How HBGVs are derived

Data and people

The HBGVs are derived by experts using appropriate data, e.g. scientific articles and reports of experimental studies. These studies can refer to studies with experimental animals such as mice and rats, but also with human volunteers and epidemiological studies. The experts usually work together in scientific panels in international organizations such as JECFA and EFSA. Although more rare, it is also possible that HBGVs are derived only by national experts, or even by one expert, e.g. when the HBGV is urgently needed.

Data analysis

The experts take the available data, and start with selecting relevant data, eliminating others. This process is based on expert opinion; there are no fixed rules or procedures how to weight the different data. Consequently there can be differences of opionion between the experts about the final result. After the selection of data, the experts have to define a dose that is considered the lowest effect dose in the studies. Here the type of observed effect and the dose-response of that effect is most important.

Effect levels

There are various terms for that effect dose; most used is the NOAEL. This acronym comes from "No Observed Adverse Effect Level". It should be the highest level in the experimental study without effect (response). This dose should show a response that is statistically not different from that of a control group. The effect should be reported as an adverse effect, i.e. injurious for the animal or human in the study. The effect should be Observed, meaning that it was actually seen in the study, e.g. a liver damage, or an increased or decreased level of an hormone or enzyme, or alike. Derived terms are the Lowest Observed Adverse Effect Level (LOAEL), or Marginal Observed Adverse Effect Level (MOAEL). Sometimes an effect is reported without the term Adverse (e.g. NOEL for a No Observed Effect Level).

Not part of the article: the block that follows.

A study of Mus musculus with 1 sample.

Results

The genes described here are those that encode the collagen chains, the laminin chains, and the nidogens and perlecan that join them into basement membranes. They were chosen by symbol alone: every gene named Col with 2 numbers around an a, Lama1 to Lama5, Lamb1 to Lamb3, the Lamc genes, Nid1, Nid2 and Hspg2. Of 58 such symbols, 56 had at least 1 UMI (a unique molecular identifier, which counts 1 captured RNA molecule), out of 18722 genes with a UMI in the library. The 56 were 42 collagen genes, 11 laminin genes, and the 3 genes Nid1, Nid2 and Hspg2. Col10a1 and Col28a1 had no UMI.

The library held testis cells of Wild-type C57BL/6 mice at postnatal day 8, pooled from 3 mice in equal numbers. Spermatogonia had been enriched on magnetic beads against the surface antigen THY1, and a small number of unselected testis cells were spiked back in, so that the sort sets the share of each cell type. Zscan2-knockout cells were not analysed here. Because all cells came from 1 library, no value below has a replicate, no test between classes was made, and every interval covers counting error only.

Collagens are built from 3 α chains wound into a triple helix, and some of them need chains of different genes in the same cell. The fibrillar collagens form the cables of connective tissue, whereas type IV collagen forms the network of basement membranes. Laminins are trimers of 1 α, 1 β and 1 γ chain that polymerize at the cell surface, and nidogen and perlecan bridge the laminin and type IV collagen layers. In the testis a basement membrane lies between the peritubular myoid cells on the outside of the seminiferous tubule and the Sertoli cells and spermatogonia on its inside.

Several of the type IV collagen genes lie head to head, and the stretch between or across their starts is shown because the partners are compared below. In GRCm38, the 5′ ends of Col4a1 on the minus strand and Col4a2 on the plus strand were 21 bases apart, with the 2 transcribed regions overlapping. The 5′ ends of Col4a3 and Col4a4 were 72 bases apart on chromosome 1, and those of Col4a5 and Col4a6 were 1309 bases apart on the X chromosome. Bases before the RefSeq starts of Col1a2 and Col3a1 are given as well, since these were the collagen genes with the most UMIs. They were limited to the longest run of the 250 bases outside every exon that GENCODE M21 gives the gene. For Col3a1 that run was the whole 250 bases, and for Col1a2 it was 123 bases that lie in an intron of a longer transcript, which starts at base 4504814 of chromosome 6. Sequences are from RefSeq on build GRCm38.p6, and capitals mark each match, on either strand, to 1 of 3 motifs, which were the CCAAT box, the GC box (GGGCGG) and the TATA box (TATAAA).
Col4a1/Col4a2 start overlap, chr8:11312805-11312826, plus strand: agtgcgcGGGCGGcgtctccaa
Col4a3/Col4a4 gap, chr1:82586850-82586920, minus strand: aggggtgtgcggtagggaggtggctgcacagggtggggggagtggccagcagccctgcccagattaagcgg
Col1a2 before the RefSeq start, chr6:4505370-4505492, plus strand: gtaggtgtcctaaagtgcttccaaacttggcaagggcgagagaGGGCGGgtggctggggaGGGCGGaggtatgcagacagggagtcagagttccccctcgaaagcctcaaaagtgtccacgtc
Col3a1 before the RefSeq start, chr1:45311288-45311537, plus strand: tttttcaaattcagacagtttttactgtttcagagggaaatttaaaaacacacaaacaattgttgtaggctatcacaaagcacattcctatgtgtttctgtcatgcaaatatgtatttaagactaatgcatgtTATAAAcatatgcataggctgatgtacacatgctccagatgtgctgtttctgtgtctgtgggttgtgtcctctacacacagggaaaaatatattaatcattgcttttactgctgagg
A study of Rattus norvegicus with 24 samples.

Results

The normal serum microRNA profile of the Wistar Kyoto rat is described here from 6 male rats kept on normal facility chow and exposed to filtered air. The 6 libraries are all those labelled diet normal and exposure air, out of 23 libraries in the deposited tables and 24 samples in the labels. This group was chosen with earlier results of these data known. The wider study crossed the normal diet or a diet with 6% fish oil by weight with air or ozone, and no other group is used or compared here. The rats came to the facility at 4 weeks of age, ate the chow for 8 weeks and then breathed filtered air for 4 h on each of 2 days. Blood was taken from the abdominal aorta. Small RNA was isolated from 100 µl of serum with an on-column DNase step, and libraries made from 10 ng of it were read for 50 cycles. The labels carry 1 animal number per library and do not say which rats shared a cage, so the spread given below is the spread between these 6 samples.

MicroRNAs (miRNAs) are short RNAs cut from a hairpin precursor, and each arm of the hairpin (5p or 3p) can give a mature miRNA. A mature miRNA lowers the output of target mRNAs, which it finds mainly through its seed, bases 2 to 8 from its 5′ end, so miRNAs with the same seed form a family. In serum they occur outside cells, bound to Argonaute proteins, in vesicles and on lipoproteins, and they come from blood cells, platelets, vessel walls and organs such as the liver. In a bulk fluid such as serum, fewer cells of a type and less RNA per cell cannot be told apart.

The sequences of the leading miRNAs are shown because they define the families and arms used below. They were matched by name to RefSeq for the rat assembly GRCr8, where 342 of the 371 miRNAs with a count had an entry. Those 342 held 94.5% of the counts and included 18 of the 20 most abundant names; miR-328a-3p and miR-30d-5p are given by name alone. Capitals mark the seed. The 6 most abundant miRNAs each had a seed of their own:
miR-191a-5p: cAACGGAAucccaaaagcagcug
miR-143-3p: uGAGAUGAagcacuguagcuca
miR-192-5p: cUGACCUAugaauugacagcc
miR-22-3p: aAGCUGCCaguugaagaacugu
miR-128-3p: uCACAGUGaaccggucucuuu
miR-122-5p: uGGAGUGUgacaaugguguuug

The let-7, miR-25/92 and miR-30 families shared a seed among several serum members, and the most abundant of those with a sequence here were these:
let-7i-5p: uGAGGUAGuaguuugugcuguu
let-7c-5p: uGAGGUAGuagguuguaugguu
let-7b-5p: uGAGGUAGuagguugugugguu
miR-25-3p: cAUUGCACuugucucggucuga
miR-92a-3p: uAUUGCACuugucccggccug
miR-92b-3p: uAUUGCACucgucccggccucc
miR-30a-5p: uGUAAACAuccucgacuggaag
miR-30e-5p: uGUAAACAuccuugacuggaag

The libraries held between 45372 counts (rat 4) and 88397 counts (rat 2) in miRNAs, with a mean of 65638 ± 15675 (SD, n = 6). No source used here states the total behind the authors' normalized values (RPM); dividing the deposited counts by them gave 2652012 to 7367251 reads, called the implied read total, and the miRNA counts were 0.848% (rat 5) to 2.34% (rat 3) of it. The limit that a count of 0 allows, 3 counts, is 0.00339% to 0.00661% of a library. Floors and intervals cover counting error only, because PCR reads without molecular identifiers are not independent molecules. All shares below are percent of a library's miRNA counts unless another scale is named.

Setting the HBGV

The experts take an effect level, preferably the NOAEL. This is the basis for a HBGV like the ADI or TDI. The HBGV is now derived from the chosen effect level using safety factors (SF). These safety factors are actually extrapolation factors that take care of differences between the effect level and a "safe" exposure level for consumers. Most SFs are numbers of 10, and the common ADIs or TDIs are the NOAEL divided by 100 (i.e. 10 x 10). Additional safety factors of 10 can be used when using a LOAEL in stead of a NOAEL. Sometimes also SFs of 3 are being used, for example to extrapolate a MOAEL to a NOAEL. The SFs used to derive a HBGV are based on expert judgement of the panel members. There are guidelines for deriving SFs, but the underlying scientific basis for the weighing factors used as SFs is extremely limited. So the choise of SFs is a point of discussion between experts for many HBGVs, leading to the fact that different panels come with different HBGVs although using the same scientific data ena effect dose.


Based on the approach of setting an ADI it can be concluded that HBGVs are derived from effect levels selected from experimental studies, lowered by various safety factors of 3, or 10. The factors are there to extrapolate from the factual levels downto acceptable human exposure. Hereby it is assumed that the safety (i.e. extrapolation) factors are sufficient in all cases to protect human health from adverse effects as seen in the experimetal studies.
Both the selection of the relevant effect and the SF are based on expert judgement of one or more toxicological experts, leading to possible different outcomes between various groups of experts (e.g between EFSA and JECFA).